Klansman visited deathbed of crusading Black publisher

Pictured: The late Charles Tisdale, whose Jackson Advocate was repeatedly firebombed, received a strange visitor at his deathbed. Credit: Family Photos

JACKSON, Miss. - At first, DeAnna Tisdale was startled to see the wizened old man sitting outside the hospital room of her father, legendary Black newspaper publisher and long time civil rights activist Charles Tisdale.

''Grand Wizard?'' she inquired.

The short white man looked straight ahead with an unexpectedly endearing smile and tearful eyes. Sure enough, there he was, the white supremacist who had preached segregation as hard as Tisdale - now laying in a coma in his hospital bed - had spent his years championing equal rights.

''I'm Mr. Richard Barrett,'' Tisdale's daughter recalled him saying. ''I've known your father for years. I'm not coming to start any trouble.''

There he was, the man known by most local residents as the ''Grand Wizard'' of the Ku Klux Klan, coming to pay his respects to a man against whom he had fought for years over one of the nation's most intractable issues - race - in a place, Mississippi, that for many African-Americans still symbolizes one of the darkest chapters in America's history.

''I have the utmost respect for your father,'' Barrett told Tisdale, who is now the assistant publisher of her father's paper.

For nearly thirty years, Tisdale, the owner of the weekly Jackson Advocate who died recently, and Barrett engaged in heated debates about slavery, the abolition of slaves, Jim Crow, hangings, the Civil Rights Movement, the Confederate flag, the Nation of Islam, food stamps, public housing and Black culture.

But as soon as Barrett read in a daily newspaper that his adversary was in critical condition and possibly near death, he headed to his bedside. In some ways, the meeting reflects the many changes that have taken place in a city and state that during the Civil Rights movement was the home of the nation's most intractable racists and racism.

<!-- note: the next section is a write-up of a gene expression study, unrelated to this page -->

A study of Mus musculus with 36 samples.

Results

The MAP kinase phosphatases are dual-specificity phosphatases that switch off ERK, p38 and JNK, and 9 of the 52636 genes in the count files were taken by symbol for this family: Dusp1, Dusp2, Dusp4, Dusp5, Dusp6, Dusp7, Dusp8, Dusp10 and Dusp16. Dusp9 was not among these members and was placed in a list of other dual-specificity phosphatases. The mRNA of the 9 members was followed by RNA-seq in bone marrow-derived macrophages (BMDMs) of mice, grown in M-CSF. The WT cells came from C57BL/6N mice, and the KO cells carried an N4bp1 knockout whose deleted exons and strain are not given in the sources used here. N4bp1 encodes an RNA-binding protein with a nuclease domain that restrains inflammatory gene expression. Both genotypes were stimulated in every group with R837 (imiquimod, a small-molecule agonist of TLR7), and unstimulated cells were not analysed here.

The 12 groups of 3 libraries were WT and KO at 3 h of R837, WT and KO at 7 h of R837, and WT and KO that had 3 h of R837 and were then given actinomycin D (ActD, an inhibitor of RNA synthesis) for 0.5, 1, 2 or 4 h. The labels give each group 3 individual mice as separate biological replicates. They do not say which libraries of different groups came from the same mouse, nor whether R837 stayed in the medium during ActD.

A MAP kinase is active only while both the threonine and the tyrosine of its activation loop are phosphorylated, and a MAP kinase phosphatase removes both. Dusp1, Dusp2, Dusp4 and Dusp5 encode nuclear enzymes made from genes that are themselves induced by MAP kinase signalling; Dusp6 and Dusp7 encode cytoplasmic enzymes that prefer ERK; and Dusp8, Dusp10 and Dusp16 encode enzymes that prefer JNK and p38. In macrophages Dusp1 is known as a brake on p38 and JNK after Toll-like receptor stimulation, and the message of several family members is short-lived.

Just the mention of the name Mississippi during the 1950s and 1960s would send a shiver through Blacks living in the South. Blacks were routinely lynched, more than 500 from 1882 to the mid-1960s, and murdered for speaking out against racism, and sometimes just for speaking.

It was in Mississippi that Emmett Till, a fourteen-year-old Chicago boy visiting his relatives the summer of 1955, was killed by white racists for speaking to a white girl, igniting the Civil Rights movement. It was in Mississippi that Civil Rights workers Andrew Goodman, James Chaney and Michael Schwerner disappeared in 1964; one of the most brutal slayings by white racists of the era.

While Jackson and Mississippi still have some problems, much has changed.

In 1997, for example, Harry Jackson became the city's first Black mayor. The current mayor, Frank Melton, is also Black. Ronnie Agnew, the editor of the local daily newspaper, the Jackson Clarion-Ledger, is African-American. And there are signs throughout the city of Black economic prosperity.

Still, when Tisdale died in July, there were barely a handful of whites among the more than 300 people gathered to pay their last respects.

The relationship between Tisdale and Barrett reflects that dichotomy.

The two were hardly friendly, but ''We were cordial to each other and honest with one another,'' Barrett said in an interview with the AFRO. ''We told it just like it was to each other. And I admired him for that. I will never forget Charles Tisdale, a 'character' and 'of character.'''

Tisdale started his media career as an advisor to the J.